Odysseus captures remarkable photos from lunar surface
Posted at 9:54 AM, Feb 27, 2024

Odysseus touched down on the moon mere days ago, and the lunar lander has captivated the hearts of Americans who are celebrating this epic feat — the first U.S. moon landing in over half a century. Now we are being treated to some amazing photos that the spacecraft has captured and transmitted to us earthlings.

This one, for example, is an image of the lunar lander itself — a selfie, of sorts — with some excellent detail of the moon’s surface:

Odysseus is quite the photographer, capturing this image approximately 30 meters above the lunar surface while his main engine throttled down more than 24,000 mph.
Intuitive Machines

“Odysseus is quite the photographer, capturing this image approximately 30 meters above the lunar surface while his main engine throttled down more than 24,000 mph,” Intuitive Machines wrote in their official caption. The Houston-based company constructed the lander and launched it to the moon.

Odysseus image
Intuitive Machines

The image above is another that was snapped by Odysseus itself. Intuitive Machines explains the shot was taken about 35 seconds after “pitching over during its approach to the landing site.”

Yes, in an unfortunate (and literal) turn of events, the “sideways landing” of Odysseus equates to its mission being truncated by two to three days. Intuitive Machines expects the lunar lander’s mission to end once its solar panels are no longer exposed to sunlight, likely sometime today, the morning of Feb. 27. Until then, they are hoping Odysseus can continue its job to collect information about the lunar surface.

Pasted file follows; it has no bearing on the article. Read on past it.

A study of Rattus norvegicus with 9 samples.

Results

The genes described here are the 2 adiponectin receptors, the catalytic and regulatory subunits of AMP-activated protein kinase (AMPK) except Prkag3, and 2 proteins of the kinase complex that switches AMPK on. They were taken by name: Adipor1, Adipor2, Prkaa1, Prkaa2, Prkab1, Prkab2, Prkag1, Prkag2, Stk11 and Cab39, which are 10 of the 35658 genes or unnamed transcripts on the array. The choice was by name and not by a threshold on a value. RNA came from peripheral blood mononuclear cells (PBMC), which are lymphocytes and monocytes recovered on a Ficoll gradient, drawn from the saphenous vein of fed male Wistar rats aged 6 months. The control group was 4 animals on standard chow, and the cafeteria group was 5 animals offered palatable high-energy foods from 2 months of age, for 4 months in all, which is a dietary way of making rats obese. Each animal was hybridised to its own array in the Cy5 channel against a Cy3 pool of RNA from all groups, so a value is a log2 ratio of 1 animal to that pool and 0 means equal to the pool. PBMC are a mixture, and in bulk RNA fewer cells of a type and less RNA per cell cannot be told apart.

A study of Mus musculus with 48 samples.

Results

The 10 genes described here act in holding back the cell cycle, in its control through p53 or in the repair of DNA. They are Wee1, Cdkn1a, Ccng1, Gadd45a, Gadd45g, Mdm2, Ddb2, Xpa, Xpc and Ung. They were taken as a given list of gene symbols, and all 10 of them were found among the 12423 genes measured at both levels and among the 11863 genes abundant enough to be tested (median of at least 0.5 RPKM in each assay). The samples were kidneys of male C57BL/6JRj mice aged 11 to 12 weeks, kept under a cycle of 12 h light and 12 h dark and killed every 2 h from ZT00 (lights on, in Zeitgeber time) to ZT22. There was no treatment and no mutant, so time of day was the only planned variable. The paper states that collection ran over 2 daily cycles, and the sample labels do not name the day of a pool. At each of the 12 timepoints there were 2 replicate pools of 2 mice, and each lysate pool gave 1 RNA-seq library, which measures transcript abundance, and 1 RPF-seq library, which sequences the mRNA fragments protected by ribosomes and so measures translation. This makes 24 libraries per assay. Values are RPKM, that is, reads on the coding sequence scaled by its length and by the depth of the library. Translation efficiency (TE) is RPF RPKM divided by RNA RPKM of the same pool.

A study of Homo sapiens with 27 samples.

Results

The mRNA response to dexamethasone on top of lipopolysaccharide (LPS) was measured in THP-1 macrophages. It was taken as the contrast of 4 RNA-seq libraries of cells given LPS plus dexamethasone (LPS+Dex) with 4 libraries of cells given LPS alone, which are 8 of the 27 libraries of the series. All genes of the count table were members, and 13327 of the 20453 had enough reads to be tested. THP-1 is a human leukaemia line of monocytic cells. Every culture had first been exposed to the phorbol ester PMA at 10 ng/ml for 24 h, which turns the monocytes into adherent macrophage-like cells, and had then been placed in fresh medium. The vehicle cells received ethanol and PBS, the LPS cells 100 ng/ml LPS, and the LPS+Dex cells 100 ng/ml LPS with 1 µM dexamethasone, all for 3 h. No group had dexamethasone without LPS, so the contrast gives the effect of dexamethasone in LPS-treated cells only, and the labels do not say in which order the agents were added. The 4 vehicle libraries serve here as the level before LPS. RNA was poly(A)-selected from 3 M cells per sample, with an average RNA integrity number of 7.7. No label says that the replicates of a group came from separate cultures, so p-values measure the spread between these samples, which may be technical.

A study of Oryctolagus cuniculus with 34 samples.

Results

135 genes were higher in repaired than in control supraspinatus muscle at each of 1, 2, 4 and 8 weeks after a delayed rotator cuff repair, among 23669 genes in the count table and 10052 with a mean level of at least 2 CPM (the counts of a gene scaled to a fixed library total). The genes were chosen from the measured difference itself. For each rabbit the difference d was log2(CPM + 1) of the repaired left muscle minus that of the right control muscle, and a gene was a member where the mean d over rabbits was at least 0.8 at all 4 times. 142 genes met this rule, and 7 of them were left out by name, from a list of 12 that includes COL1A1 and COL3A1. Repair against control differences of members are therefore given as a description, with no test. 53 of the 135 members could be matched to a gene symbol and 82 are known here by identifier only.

Most recently, Intuitive Machines posted the following tweet on “Odie’s” current status:

Although the spacecraft’s journey will come to an end sooner than anticipated, the good news is, Odysseus still managed to make history on several counts. One of which is by taking the descent image below:

Odysseus sent images from the lunar surface of its vertical descent to its Malapert A landing site, representing the furthest south any vehicle has been able to land on the Moon and establish communication with ground controllers.
Intuitive Machines

On its descent to its Malapert A landing site, the lunar lander sent this record-making image. According to Intuitive Machines, this represents “the furthest south any vehicle has been able to land on the moon and establish communication with ground controllers.”